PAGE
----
NOTTINGHAM, MD—Attention, space weather enthusiasts.
Forecasters say that, this weekend, some Marylanders may be able to see the Aurora Borealis – at this time of year, in this part of the country.
The National Oceanic and Atmospheric Administration’s Space Weather Prediction Center says that a large portion of the United States is included in this weekend’s aurora watch.
The best chance to see the Northern Lights will be on Saturday night into Sunday morning, provided that the weather cooperates.
NOAA says that geomagnetic activity is expected to reach “moderate storm levels” on Saturday, September 28, and into Sunday morning.
The Aurora Borealis (Northern Lights) are the result of electrons colliding with the upper reaches of Earth’s atmosphere. The electrons are energized through acceleration processes in the downwind tail (night side) of the magnetosphere and at lower altitudes along auroral field lines. The accelerated electrons follow the magnetic field of Earth down to the Polar Regions where they collide with oxygen and nitrogen atoms and molecules in Earth’s upper atmosphere.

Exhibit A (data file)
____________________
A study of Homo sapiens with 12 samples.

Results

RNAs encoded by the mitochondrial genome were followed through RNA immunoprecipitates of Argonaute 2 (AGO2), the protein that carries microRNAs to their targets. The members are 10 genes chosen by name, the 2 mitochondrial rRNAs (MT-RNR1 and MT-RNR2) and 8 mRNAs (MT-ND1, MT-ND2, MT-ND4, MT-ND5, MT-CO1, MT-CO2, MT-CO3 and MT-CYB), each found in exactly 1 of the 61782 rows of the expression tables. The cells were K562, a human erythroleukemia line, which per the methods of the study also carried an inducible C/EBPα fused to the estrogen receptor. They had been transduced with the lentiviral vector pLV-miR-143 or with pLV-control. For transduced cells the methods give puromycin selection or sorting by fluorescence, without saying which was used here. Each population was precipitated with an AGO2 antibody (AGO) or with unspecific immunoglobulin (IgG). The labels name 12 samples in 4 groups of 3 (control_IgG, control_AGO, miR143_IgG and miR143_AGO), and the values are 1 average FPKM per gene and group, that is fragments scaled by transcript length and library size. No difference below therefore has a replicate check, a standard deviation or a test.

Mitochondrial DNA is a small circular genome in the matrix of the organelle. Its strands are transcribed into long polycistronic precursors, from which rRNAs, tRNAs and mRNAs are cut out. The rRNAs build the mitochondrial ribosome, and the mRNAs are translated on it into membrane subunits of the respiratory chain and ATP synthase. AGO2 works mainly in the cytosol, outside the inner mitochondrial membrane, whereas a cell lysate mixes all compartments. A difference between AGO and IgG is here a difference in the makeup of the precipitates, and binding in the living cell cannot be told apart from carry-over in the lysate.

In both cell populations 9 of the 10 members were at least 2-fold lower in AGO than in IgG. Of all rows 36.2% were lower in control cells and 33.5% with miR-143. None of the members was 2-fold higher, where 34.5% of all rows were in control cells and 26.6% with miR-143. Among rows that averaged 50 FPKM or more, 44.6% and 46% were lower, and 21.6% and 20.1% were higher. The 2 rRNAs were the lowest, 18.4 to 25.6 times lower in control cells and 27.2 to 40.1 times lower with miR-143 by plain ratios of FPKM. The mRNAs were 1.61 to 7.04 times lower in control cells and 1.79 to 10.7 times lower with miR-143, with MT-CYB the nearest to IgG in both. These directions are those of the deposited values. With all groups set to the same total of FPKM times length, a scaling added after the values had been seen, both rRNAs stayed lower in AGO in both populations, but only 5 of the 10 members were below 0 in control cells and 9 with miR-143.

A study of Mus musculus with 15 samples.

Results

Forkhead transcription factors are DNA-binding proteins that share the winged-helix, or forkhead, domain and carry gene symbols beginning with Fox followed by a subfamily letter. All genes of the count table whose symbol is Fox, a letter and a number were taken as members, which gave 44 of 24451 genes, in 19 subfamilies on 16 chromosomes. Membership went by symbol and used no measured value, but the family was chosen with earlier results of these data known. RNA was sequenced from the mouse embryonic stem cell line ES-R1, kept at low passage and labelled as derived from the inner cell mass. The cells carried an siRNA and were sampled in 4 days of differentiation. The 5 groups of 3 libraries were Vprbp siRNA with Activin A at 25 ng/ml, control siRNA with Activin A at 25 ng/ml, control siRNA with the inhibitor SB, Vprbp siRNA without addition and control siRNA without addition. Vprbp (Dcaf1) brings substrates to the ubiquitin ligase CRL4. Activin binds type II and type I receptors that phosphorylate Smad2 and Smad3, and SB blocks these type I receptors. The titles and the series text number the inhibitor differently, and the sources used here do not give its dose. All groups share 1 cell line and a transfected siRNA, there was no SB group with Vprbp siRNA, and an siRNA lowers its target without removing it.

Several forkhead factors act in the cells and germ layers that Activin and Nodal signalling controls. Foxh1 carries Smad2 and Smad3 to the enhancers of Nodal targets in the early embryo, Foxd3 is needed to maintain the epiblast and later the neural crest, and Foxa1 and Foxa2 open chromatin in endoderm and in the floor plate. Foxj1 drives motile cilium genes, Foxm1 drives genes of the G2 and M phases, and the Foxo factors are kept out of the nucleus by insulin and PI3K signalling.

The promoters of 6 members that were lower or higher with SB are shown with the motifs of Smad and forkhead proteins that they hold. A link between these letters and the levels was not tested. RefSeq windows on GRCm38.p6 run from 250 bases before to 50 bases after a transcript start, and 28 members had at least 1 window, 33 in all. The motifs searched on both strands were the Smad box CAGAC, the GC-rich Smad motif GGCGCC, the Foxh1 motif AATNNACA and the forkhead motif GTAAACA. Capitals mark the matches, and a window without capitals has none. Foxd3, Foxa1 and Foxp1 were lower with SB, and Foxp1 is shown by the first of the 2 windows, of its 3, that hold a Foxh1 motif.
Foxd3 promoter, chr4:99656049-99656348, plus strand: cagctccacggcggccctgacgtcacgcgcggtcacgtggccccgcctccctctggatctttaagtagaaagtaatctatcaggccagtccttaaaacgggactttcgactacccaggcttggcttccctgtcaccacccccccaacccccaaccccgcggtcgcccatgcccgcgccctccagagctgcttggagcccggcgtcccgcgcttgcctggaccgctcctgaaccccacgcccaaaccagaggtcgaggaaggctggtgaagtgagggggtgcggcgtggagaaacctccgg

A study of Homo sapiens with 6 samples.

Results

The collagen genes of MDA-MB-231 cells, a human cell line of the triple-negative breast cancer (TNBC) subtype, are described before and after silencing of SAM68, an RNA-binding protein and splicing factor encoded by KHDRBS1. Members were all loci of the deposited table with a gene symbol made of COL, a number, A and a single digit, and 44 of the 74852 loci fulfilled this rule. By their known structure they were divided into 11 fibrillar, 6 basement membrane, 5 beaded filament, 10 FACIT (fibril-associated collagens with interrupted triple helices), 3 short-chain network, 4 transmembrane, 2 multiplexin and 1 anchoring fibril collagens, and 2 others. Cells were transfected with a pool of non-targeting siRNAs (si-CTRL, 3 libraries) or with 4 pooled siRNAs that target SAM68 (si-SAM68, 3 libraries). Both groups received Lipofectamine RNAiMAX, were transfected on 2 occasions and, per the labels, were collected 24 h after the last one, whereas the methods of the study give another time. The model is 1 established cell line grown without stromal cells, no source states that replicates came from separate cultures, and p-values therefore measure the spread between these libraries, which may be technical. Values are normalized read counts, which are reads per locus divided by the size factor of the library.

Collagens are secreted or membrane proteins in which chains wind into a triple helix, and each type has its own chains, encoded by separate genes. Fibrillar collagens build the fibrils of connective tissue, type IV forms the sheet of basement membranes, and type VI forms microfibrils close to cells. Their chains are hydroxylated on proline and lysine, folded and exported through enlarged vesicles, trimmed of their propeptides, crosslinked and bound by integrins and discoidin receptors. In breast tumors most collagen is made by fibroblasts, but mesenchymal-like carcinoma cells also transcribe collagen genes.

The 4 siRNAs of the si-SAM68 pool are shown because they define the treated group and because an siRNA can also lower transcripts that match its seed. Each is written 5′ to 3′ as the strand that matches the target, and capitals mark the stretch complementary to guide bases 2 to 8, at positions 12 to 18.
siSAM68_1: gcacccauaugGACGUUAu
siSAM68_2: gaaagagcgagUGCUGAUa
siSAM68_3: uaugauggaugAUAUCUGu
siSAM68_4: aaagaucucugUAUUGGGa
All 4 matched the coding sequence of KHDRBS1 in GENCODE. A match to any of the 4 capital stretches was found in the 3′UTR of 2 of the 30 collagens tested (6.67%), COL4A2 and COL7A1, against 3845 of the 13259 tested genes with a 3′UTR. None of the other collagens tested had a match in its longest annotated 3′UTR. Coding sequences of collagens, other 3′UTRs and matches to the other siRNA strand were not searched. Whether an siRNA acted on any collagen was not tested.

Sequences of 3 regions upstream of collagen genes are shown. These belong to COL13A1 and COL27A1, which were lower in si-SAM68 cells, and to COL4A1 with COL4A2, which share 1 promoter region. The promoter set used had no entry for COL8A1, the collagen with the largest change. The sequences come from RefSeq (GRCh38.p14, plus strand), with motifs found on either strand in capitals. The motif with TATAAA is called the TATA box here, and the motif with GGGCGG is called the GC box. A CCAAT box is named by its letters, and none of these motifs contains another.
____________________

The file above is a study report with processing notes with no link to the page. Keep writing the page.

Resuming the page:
In these collisions, the electrons transfer their energy to the atmosphere thus exciting the atoms and molecules to higher energy states. When they relax back down to lower energy states, they release their energy in the form of light. This is similar to how a neon light works.
So head outside tonight, away from the city lights if possible, and look up.
Refer to the graphic from NOAA below for more information.